View Full Version : Acoustic-Electric Ukulele vs. Acoustic Ukulele

01-05-2011, 06:23 AM
Hi everyone, new player here- well, I picked up an acoustic-electric eleuke recently and I'm not too impressed with the sound. I mean I don't claim to be an expert but I think my friend's basic acoustic ($70-100) range ukulele sound a lot nicer.

I wanted to get this as something to learn/practice on acoustically, I don't even have an amp but I wanted the room for expansion should I get good one day and decide to plug it in. So just wanted to get your input on this issue, do acoustic-electric usually don't sound as good as acoustic? And any reconmendation on an acoustic... I'm thinking a Lanikai LU Tenor or Concert...

Thanks for reading

01-05-2011, 06:47 AM
Hi iamfroogle,
I'm brand new to Ukulele too.
Just before Christmas I bought a Ohana TK20CE Tenor Acoustic/Electric. I wasn't too sure about the strings that were supplied on it. It was advertised as having GHS with a wound C string. I had read on the web that alot of people didn't like these strings so when I ordered it I also ordered a set of Worth browns.
It sounds absolutely beautiful, to my fresh lughole. You don't say what strings your uke has so it might be worth experimenting.
I did adjust the action too but I'll leave that to the expert Luthiers to comment about.

I'm pleased to find such a helpful forum.

01-05-2011, 05:10 PM
It has new Aquila Strings which are supposedly one of the best

01-05-2011, 05:25 PM
I have nan Applause electric acoustic soprano that goes for about 160 bucks, and a 20 Euro richwood instruments soprano. for acoustic work, the acoustic soprano is much better. The electric acoustic is good plugged in, otherwise it sounds pretty muffled.

01-06-2011, 02:44 PM
At the lower end like that what you are seeing is probably just the variation from sample to sample. With the factory instruments it's not unusual to have two of the same model where one is great and the other is ho-hum or worse. That's just the nature of the beast.

When you get into the higher end handmade stuff I think the acoustic-electric question becomes a little different, and two fold. First, an under-saddle transducer simply isn't very good at picking up the finer nuances of the top so, when it comes to running with the pickup and amplified, you probably aren't going to notice anywhere near as great a difference between a $900 handmade uke and a $300 factory uke as you do acoustically.

The other aspect is something that is purely my opinion, as I've never had the opportunity to do any really meaningful testing. I don't think anyone else has, either. You would have to record a specific uke acoustically under rigid condtions, install the pickup, then record again acoustically under identical conditions.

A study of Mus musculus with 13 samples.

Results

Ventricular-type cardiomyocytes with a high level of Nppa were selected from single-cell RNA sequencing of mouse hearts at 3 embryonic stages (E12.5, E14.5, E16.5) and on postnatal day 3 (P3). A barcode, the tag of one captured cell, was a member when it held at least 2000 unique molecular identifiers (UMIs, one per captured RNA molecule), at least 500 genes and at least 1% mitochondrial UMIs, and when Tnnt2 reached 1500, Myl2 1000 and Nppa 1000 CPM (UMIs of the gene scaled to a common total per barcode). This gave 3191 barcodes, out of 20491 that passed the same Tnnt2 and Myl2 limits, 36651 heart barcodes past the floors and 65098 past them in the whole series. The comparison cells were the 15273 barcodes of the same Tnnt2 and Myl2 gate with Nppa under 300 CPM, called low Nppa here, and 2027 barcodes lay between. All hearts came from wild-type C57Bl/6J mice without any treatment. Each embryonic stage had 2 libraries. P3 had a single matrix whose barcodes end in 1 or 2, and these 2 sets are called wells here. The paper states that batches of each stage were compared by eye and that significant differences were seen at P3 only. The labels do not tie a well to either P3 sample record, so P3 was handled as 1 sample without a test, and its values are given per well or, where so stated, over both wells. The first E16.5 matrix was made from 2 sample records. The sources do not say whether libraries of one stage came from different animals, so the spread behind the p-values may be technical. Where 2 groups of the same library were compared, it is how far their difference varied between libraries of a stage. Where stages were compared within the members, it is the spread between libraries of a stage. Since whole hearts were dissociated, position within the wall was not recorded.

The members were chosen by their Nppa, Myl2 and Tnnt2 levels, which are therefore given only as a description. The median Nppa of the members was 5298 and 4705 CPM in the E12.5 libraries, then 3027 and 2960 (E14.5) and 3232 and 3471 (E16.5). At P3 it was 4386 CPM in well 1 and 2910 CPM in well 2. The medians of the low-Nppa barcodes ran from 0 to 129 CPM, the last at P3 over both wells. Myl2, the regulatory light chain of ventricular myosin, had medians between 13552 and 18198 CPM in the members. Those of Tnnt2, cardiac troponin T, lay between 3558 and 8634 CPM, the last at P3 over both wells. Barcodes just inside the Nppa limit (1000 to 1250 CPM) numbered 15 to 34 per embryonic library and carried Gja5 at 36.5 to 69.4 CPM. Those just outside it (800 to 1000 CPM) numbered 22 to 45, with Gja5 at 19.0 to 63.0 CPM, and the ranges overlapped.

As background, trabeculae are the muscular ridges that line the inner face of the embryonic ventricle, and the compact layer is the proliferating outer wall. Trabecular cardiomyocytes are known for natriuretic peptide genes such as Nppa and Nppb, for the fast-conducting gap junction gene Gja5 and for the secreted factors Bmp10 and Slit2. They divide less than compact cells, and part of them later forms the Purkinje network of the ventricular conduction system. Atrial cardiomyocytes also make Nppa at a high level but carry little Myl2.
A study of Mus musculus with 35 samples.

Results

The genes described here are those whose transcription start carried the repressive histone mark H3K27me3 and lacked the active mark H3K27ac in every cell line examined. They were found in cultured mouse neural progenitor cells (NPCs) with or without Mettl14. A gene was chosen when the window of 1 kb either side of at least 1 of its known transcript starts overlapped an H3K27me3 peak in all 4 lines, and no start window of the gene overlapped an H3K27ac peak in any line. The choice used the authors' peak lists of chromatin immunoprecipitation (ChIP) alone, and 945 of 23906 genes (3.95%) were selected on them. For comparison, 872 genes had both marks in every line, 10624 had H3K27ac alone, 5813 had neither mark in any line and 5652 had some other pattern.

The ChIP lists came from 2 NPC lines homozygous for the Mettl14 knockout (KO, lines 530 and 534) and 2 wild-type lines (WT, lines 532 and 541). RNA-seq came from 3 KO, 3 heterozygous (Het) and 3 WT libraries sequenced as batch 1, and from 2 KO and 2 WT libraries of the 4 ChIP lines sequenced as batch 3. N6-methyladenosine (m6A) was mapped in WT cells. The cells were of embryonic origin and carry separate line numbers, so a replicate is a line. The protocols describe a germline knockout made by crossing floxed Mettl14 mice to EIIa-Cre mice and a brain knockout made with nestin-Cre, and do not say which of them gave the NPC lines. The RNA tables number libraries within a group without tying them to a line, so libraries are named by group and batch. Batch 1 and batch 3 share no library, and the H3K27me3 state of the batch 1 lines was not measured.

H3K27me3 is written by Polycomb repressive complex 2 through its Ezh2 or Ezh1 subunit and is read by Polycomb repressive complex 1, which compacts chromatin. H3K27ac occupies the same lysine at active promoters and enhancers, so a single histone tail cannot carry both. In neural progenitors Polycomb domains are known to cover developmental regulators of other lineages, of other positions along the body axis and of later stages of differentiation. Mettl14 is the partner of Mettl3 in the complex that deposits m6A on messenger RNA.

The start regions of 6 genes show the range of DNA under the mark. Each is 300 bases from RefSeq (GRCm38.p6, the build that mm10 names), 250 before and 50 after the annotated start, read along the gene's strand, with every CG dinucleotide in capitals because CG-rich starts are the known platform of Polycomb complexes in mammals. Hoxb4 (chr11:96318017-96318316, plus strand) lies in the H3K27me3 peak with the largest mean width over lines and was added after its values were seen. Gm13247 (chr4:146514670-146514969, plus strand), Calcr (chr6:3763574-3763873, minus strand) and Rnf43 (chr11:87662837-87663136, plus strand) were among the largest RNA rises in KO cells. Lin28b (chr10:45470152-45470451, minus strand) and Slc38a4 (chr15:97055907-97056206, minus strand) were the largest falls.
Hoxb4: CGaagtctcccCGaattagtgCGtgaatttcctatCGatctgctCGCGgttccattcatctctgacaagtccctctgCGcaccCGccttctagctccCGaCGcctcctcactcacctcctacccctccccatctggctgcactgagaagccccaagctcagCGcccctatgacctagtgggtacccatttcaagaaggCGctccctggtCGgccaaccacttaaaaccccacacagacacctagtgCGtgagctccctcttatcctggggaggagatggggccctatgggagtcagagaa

The issue is this, I think that an under-saddle transducer has the potential to slightly affect the acoustic tone. The UST works by converting compression into an electrical signal - in order to do that it has to be slightly compressible, and that has the potential to rob some transfer of vibration from saddle to top. Just my $0.02 but I'm sticking to it until somebody does the kind of elaborately controlled test that would convince me otherwise.


01-06-2011, 03:14 PM
It really depends. Most acoustic-electric ukuleles, at least the ones that I own, are just acoustic ukuleles with a pickup built into it. You're going to have to pay extra for the pickup so technically, an acoustic uke at the same price (assuming that price=quality, which is not always the case but higher quality things often do cost more) is probably going to be a bit better quality since none of the cost is going towards paying for the pickup. This could explain why a friend who paid the same for an acoustic ukulele ended up with something that sounds better. Different brands and materials sound better than others, so that might be more of a factor than the pickup.

I tour and play my ukuleles live all the time, so I only really play acoustic-electric ukuleles, and they all sound different. The fluke is my favorite. My experience from that is that the sound is more a reflection on the ukulele itself.

Some companies offer the same uke with two versions, with a pickup or without. In those cases, you can see how much money adding the pickup will cost you, and playing both to check if there's a sound difference would be a better test to see whether the pickup changes the sound noticeably.